Later I found out that the bishop, in his childhood, was stricken with polio, which left him severely disabled. As he was walking after the mass I could see that one of his legs was shorter and that it was a challenge for him to keep balance. We were all taken aback by his humility and being upfront with his limitations. The name of the bishop was Cardinal Francis George OMI. I am writing this article as the Cardinal has passed away. What I still treasure from that first encounter I had with the Cardinal, who was also an Oblate of Mary Immaculate, was his determination to serve the Lord. His life wasn’t a smooth run. First his dreams were scattered when he fell ill at the age of 13 but he didn’t give up. He still wanted to be a priest. When he came for an interview using crutches and a brace, he was judged to be unfit to join the Chicago seminary. It was believed that he wouldn’t cope with commuting every day and the demands of the studies. What did he do then? He joined a missionary order of the Oblates of Mary Immaculate. He became the leader of his order in America and later he was on the international leadership team for the Oblates in Rome. That demanded of him a hectic lifestyle with many trips to some most remote missions run by the Oblates in various places of the world. His disability didn’t become his disadvantage. He was out there, in those places, offering our missionaries his support and encouragement.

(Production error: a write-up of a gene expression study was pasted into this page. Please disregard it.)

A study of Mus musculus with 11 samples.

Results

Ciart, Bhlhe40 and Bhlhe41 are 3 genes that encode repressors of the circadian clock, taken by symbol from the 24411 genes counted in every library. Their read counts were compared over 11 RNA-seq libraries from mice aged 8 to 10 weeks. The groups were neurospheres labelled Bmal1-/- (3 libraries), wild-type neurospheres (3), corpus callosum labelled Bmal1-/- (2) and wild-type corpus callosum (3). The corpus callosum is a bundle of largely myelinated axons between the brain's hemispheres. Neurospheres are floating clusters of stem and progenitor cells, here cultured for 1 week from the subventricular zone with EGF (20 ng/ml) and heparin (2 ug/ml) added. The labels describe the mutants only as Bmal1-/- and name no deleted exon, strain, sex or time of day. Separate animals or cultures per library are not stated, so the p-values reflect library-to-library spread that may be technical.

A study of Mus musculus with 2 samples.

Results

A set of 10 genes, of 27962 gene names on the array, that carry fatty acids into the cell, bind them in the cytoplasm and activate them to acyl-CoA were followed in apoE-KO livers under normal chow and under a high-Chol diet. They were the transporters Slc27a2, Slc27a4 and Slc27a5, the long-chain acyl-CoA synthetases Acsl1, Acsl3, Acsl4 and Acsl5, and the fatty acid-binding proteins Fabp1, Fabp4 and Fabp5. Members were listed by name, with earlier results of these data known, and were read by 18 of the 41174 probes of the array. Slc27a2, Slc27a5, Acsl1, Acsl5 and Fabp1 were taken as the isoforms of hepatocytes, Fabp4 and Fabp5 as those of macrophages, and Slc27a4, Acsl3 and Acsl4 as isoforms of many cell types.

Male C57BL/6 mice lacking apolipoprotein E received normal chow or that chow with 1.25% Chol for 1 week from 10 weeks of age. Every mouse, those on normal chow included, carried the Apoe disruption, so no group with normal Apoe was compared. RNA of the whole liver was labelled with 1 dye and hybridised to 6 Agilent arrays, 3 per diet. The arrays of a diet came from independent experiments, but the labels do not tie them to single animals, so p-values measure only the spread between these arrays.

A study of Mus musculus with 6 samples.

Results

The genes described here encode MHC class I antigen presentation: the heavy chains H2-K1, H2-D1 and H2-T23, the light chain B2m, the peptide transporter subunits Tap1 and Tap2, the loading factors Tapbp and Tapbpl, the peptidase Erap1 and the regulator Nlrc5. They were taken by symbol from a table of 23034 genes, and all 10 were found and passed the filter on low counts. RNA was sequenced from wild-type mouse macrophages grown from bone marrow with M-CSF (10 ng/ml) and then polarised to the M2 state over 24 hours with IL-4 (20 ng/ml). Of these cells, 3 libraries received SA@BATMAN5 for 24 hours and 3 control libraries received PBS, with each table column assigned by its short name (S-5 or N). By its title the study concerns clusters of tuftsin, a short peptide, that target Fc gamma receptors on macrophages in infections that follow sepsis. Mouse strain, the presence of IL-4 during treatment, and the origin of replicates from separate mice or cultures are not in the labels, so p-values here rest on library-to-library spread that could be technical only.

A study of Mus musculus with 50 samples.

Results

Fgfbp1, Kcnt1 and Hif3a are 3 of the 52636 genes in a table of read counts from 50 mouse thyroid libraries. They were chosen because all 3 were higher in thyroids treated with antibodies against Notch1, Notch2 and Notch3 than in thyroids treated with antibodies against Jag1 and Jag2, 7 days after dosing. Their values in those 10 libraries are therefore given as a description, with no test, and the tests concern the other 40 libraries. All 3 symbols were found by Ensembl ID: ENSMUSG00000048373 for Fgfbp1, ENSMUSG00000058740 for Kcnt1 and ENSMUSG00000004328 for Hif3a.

The second time I met him happened here in Australia. It was in 2008, during the World Youth Day in Sydney. I was stationed in a parish which was to host young people. I guess that because we were an Oblate parish the Cardinal was assigned to our church to give catechesis to the young people. He was brilliant, we all hang on his lips. However what I still treasure is what happened after the Mass. Cardinal Francis George was to be picked up and taken back to the city for lunch but the bus he was waiting for was running late. So he stayed with us. He insisted on having lunch with the youth on the lawns around the church. He sat there in their midst eating tuna from the packs provided for the participants and talking to the kids. He fitted in so well. One could say that he and the young people had known each other for ages. For me he was the image of a good shepherd who not simply stays with his flock but he loves it. Cardinal Francis George OMI did love people he served.
When he was appointed to Chicago, US, he said to the nuncio who announced the news to him: “Are you sure that the Holy Father has considered all possible options?” That was him: a humble man who didn’t seek prestige but who was seeking to serve, even with his disabilities. During his first meeting with the priests of Chicago he said to them: “Never feel sorry for himself!” He didn’t feel sorry for himself either, even when he had to carry the cross of polio and cancer which eventually led to his death just a few months after he retired from the position of Archbishop.
Thank you Lord Jesus, our Good Shepherd for having given me a chance to meet a good shepherd – Francis George, cardinal, archbishop and Missionary Oblate of Mary Immaculate.